Carry On – A portable seating solution for activity based working spaces
Carry On is a portable seating solution that works perfectly by itself but also as a complement to other products.
Carry On is designed by Mattias Stenberg who has a strong belief in the need of flexible working places in the public space. Today we work more in projects and need environments that can be easily adapted to different needs.
– Carry On offers the possibility to sit down in an environment where you might not usually sit, says Mattias Stenberg.
Carry On is not only physically flexible; it also signals to the user how it should be used by the handle on top.
– This type of furniture also signals flexibility in how you work and your mindset and shows how the company views the importance of interactivity at large, Stenberg continues.
Carry On has round but simple forms and combines traditional materials and craftsmanship with contemporary design and functions. It gives a tailored impression with stitching that communicates good craftsmanship. It is easy to stack Carry On, which means that it does not have to be stored elsewhere when not used.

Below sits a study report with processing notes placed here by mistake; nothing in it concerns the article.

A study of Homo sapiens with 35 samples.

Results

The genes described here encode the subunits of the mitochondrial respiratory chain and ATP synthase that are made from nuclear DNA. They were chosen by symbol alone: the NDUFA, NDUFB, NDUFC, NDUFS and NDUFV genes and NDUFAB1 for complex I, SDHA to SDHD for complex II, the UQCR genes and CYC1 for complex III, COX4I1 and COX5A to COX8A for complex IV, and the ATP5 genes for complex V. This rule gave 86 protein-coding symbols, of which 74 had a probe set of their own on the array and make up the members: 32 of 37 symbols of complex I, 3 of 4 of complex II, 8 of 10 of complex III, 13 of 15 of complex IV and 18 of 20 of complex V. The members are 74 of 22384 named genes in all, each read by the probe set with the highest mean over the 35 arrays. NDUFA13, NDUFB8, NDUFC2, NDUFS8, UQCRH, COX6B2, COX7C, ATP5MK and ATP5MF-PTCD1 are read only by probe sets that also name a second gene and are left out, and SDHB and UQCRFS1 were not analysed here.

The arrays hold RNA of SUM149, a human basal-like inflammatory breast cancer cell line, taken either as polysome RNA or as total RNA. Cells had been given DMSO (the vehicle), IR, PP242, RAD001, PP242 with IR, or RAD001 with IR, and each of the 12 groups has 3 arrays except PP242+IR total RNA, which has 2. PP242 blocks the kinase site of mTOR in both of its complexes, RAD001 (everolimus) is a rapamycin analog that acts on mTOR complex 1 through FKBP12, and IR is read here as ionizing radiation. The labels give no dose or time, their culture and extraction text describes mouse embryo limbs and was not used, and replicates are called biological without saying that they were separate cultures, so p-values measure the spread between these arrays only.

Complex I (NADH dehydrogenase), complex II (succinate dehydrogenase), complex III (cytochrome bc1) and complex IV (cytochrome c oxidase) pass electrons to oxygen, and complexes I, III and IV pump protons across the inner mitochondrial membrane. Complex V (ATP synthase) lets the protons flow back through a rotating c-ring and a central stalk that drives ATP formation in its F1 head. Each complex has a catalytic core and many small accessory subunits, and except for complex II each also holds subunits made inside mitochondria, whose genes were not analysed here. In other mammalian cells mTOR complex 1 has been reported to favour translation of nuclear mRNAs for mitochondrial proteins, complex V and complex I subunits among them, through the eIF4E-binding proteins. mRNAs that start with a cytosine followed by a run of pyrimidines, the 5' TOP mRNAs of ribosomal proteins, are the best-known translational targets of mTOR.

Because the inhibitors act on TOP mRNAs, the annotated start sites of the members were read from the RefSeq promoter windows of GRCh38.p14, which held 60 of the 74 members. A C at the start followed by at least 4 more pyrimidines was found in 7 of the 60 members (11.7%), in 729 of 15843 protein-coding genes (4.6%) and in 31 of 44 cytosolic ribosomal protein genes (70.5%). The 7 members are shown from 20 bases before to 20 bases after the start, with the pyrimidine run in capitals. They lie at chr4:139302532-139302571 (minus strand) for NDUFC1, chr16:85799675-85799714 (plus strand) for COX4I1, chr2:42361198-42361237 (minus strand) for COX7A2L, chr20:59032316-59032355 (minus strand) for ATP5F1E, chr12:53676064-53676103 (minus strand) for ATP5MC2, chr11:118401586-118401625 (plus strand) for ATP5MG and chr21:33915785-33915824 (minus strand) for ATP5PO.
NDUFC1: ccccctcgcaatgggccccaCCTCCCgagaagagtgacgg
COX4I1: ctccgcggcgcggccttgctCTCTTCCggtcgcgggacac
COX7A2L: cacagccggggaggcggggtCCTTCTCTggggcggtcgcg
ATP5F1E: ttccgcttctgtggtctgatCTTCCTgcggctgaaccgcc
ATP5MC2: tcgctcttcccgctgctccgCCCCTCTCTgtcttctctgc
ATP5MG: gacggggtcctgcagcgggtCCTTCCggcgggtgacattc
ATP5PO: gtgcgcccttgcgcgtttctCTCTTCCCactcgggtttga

– It was love at first sight when I met Offecct, says Mattias Stenberg.
– Offecct and I have the same approach to design; it should have a clear purpose. There is honesty in the way Offecct produces furniture which is very positive to me, Stenberg concludes.
– Carry On is a product completely in line with our longstanding focus on offering solutions for activity based working environments where focus is moved from working places to meeting places, says Kurt Tingdal, CEO, Offecct.
Mattias Stenberg, born 1975, is a Swedish designer with a degree from the Royal Institute of Technology in Stockholm. In 2010 he founded his studio Vision A&D that focuses on contemporary architecture and design. Stenberg’s design philosophy stands on three pillars: clarity in concept, form and material. Stenberg’s architectural work affects the way he works with furniture and lighting, and he himself describes his furniture as “mini architecture.”